With the money yet to start flowing from the federal government’s $250m Covid-19 rescue package for the arts, sectors of the Australian industry continue to raise concerns over the transparency of the process amid fears that smaller states and organisations may miss out.
$75m of the package will be allocated directly from the arts minister’s office under the Restart Investment to Sustain and Expand (Rise) fund. In contrast, the Australia Council for the Arts – the statutory body founded on the principles of peer assessment and arm’s-length funding – will receive just $35m, with the government earmarking those funds away from smaller organisations and to be awarded to “significant commonwealth-funded arts and culture organisations”.
To date the minister, Paul Fletcher, had received “about 280 eligible applications” to the Rise fund, a spokesman said in a statement on Wednesday. Senate estimates heard on 21 October that the department expected to get the money flowing by November, but that deadline has now changed to “before the end of the year”.
On 13 November, the first hearing for a federal government inquiry into Australia’s creative and cultural industries and institutions will take place in Canberra.
Two recurrent themes among the 252 submissions lodged with the inquiry so far are the need to separate politics from funding decisions, and concerns that small- to medium-tier organisations will be overlooked.
An arts and cultural management academic from the University of Melbourne, Associate Prof Dr Jo Caust, told Guardian Australia those fears might not be unfounded.
“When there’s political involvement in grants decision-making, it can end up being a rort of some sort,” she said, referring to the so-called “sports rorts” controversy earlier this year, and an ABC investigation in May alleging that $44 million in New South Wales arts funding had been funnelled into Coalition electorates in the lead-up to the 2018 state election.
“It’s really important that there is some distance between the [grant] decision-making and the political structure,” Caust said.
Another concern, she said, was that conservative government funding decisions tended to favour large, flagship companies and high art. “When there is an ambivalence towards the arts sector, as we are experiencing now under the current federal government, the smaller organisations will suffer the most as they are less visible to the politicians.”
Fletcher’s spokesman said there was nothing unusual about the Rise allocation decisions coming directly out of the minister’s office, and that the electorate of an application “does not have any bearing” on the score it receives in the process.
“In addition to balancing funding across organisation size, we are also committed to ensuring representation across other measures, such as different art forms, diverse groups and geographic locations,” he said.
“When we announce the successful applicants, we will provide information on this spread to look to alleviate any concerns.”
‘The small to medium sector is the bedrock here’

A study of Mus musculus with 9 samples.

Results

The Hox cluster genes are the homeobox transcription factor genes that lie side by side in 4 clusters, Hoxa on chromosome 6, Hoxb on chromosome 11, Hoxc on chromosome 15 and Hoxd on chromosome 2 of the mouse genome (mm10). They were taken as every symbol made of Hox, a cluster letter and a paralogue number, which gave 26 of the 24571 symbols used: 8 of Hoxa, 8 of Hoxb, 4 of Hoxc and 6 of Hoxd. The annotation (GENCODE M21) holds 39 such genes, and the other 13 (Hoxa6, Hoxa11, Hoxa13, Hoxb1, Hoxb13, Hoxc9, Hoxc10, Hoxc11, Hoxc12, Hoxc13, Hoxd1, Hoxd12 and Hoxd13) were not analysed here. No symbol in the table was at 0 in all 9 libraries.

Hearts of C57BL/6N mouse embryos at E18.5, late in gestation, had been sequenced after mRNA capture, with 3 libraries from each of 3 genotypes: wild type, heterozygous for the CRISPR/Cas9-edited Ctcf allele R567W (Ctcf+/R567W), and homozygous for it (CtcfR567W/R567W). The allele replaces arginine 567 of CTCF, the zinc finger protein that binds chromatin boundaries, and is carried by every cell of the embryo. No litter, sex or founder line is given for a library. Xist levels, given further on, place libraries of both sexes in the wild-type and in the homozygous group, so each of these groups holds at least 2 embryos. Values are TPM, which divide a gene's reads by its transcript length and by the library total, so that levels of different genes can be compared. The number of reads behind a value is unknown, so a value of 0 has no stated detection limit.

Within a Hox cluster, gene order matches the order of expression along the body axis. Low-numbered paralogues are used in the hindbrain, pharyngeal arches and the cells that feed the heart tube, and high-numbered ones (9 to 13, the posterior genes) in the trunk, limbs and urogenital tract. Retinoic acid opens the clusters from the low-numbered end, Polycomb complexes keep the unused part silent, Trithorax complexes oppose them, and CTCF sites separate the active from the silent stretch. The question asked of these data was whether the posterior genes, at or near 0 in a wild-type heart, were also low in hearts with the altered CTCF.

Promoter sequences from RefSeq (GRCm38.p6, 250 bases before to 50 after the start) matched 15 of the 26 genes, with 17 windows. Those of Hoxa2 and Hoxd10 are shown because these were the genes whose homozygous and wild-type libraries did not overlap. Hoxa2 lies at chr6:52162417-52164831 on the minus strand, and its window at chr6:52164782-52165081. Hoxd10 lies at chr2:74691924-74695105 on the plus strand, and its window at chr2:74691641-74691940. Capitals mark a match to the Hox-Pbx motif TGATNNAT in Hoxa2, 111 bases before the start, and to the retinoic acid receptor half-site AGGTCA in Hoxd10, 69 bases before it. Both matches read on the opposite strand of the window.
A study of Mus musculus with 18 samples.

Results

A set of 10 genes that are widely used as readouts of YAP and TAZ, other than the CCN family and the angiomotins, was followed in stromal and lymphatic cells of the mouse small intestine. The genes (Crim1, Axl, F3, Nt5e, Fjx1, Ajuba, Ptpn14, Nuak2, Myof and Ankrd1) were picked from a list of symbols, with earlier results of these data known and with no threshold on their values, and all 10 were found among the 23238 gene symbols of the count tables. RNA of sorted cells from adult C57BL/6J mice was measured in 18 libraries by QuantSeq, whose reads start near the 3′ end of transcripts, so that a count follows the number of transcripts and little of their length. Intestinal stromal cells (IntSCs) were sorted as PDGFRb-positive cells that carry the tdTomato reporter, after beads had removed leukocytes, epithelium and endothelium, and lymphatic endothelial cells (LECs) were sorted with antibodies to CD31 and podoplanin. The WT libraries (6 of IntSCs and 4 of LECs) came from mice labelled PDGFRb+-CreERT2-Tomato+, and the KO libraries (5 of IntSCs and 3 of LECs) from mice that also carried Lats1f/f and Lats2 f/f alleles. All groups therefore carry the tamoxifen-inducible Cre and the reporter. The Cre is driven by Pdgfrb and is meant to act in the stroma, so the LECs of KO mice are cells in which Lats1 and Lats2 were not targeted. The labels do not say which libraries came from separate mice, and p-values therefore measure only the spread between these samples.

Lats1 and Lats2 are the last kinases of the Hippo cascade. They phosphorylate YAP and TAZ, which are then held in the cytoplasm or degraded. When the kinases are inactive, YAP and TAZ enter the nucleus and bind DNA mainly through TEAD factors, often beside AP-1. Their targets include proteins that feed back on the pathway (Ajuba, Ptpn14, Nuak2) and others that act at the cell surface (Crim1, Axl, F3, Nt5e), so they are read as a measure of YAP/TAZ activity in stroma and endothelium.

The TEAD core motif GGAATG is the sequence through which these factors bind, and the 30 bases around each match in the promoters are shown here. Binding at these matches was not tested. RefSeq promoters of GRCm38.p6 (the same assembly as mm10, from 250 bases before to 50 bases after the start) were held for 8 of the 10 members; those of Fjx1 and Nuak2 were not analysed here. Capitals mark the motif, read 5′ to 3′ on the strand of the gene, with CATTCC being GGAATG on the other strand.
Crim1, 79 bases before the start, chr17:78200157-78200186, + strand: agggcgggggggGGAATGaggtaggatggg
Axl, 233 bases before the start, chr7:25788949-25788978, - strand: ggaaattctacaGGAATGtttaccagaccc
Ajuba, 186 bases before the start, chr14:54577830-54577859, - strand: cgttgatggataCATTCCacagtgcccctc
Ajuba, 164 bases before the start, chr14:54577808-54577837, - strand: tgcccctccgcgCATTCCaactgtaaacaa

With more than two-thirds of Australia’s 30 major performing arts companies based in NSW, Victoria or Queensland, there have been concerns raised that smaller states may not receive equitable treatment.
In its submission to the inquiry, the Arts Industry Council of South Australia said it was concerned that “the small to medium sector in South Australia will not receive the full benefit of the [$250m] creative economy support package, especially as the fund is not being administered via the Australia Council”.
Speaking to the Guardian, the council’s executive director, Julianne Pierce, said: “Our concern in South Australia [which has no national arts organisations] is that the small to medium sector is the bedrock here.
“Obviously the [federal rescue package] is welcome, but we believe the money must flow down to artists and art workers, rather than just propping up large organisations.”
Country Arts SA urged the inquiry to “maintain clear distinctions between the role and purpose of the Office for the Arts [Fletcher’s office] and the Australia Council”.
Shelagh Magadza, the executive director of the Chamber for Arts and Culture in Western Australia, said funding at the federal level tended to take a “one size fits all” approach that disadvantaged less-populated states, where small to medium arts organisations required more nuanced and locally focused support.
The potential for political interference in the grant deciding process was a perennial issue, she said.
“I think this reflects years of discussion … It possibly came to a head in 2016, with the [George] Brandis situation, and things have never really settled since then.”
The “Brandis situation” occurred in 2015, when the then-arts minister redirected $104.8m away from the Australia Council to create an “arts excellence” fund directly dispersed from the minister’s office.
Labor and arts organisations across Australia campaigned heavily against the removal of the “arm’s length” principle of arts funding under the Brandis scheme. His successor, Mitch Fifield, reversed the scheme and returned most of the funding back to the Australia Council the following year.
Caust said the $75m Rise funding appeared to be a return to the Brandis model. “The minister [is having] the final decision, and that’s really problematic.”
When announcing the federal government arts rescue package, Fletcher said “experienced assessors will assess each application on its merit and compare it to other eligible applications”.
The assessors would be “officials from the Department of Infrastructure, Transport, Regional Development and Communications”, he said.
A creative economy taskforce was appointed to advise the assessors but it has no say on where the money goes, its chair, Elizabeth Ann Macgregor, said in October.